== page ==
Priscus: We were besieged for a month. A number of our deserters had gone over to the Germans and reported on our weakness. Encouraged by this, and excited at the thought of capturing a Roman Caesar, King Chnodomar marched on Sens. It was a difficult time and we owed our lives, finally, to Julian’s energy and intelligence. Though he could not make us cheerful or even confident, he at least kept us dutiful and modestly hopeful.
That night the call to arms was sounded. Men rushed to their posts on the battlements. The Germans could be seen less than half a mile away, illuminated by burning farmhouses. It had been the neighing of farm horses that had disturbed our after-dinner conversation. Had the Germans been quieter, they might have taken the city. Fortunately for us, every last one of them was drunk.
During the next few days, Julian’s mood changed from almost boisterous excitement to grim rage. He was positive that he had been deliberately abandoned. This suspicion was confirmed when a messenger arrived from Rheims to say that Marcellus would not come to our aid; he pleaded weakness. He also insisted that Julian had sufficient men to repulse the Germans.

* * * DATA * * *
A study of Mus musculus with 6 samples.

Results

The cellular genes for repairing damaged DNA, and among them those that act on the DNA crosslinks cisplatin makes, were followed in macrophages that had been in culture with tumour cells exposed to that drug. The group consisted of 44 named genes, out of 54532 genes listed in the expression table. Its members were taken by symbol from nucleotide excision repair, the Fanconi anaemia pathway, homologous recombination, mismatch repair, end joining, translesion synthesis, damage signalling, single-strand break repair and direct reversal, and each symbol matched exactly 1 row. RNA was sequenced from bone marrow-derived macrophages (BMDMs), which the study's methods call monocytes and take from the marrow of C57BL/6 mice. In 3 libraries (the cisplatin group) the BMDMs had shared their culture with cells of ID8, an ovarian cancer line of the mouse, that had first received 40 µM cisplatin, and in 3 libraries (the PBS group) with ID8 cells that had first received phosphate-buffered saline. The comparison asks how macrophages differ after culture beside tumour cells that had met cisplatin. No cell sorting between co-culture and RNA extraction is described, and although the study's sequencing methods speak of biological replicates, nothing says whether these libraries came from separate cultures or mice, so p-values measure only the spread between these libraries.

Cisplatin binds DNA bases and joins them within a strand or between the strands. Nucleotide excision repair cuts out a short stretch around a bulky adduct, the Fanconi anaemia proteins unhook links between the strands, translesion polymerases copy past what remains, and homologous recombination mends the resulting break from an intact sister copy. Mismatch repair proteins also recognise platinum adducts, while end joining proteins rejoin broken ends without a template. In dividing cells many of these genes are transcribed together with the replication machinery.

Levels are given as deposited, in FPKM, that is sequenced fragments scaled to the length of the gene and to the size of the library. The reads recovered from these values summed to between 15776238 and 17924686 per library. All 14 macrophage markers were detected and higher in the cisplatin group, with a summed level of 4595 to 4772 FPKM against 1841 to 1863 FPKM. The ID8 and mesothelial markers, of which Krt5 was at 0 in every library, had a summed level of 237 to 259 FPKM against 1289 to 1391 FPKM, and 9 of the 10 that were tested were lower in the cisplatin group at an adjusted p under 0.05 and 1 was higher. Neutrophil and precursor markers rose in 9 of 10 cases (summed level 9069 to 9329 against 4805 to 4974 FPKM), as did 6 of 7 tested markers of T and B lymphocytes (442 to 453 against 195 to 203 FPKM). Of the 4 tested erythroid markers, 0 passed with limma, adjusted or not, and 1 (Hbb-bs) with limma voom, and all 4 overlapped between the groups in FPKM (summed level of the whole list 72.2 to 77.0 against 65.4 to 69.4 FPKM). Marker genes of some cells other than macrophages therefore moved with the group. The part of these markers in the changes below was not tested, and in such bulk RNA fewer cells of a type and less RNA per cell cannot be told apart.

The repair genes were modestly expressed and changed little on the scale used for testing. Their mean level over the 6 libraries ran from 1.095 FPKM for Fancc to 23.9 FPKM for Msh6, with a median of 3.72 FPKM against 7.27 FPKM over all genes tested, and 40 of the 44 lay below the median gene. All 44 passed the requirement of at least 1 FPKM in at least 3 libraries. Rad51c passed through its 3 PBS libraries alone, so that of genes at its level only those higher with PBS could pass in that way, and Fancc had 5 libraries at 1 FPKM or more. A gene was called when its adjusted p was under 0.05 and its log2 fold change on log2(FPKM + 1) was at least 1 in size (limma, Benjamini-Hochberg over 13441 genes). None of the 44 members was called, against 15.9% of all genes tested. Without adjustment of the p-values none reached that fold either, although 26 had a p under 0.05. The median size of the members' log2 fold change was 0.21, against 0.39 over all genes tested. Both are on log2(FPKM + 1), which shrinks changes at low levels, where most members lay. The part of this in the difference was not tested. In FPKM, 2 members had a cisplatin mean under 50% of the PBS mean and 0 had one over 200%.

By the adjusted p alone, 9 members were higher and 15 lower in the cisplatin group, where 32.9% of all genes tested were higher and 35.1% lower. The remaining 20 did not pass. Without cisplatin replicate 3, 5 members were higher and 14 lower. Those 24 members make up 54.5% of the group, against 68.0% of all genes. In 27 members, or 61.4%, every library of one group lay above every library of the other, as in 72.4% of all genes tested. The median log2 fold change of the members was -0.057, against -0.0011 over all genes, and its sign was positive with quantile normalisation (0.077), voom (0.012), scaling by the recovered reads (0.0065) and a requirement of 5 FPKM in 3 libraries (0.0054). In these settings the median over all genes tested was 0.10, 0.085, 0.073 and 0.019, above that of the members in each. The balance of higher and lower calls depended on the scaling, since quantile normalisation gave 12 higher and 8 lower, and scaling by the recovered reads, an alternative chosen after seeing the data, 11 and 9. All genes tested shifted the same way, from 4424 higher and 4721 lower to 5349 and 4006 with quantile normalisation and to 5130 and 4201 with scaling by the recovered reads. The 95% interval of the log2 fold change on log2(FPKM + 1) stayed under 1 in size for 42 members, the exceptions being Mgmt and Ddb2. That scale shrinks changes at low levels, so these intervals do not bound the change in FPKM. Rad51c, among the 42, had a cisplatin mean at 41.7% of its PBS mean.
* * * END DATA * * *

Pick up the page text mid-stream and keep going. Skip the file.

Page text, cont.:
Our rations were nearly gone when the Germans departed as suddenly as they had arrived. Long sieges bored them. Julian immediately sent to Vienne for supplies. He then recalled all his troops to Sens and the remainder of the winter was passed, if not in comfort, at least without fear of sudden annihilation. Julian also wrote Constantius a full account of Marcellus’s refusal to come to his aid. It was a splendid document. I know; Sallust and I helped to write it. So splendid was it, in fact, that unlike most state papers this one had an effect. Marcellus was recalled to Milan and after a short interval Julian finally got what he wanted, the command of the armies of Gaul.
Julian’s quote on this day is the last one following that custom. From now on I will only cite those passages of Julian that have made an impression on me, omitting the others.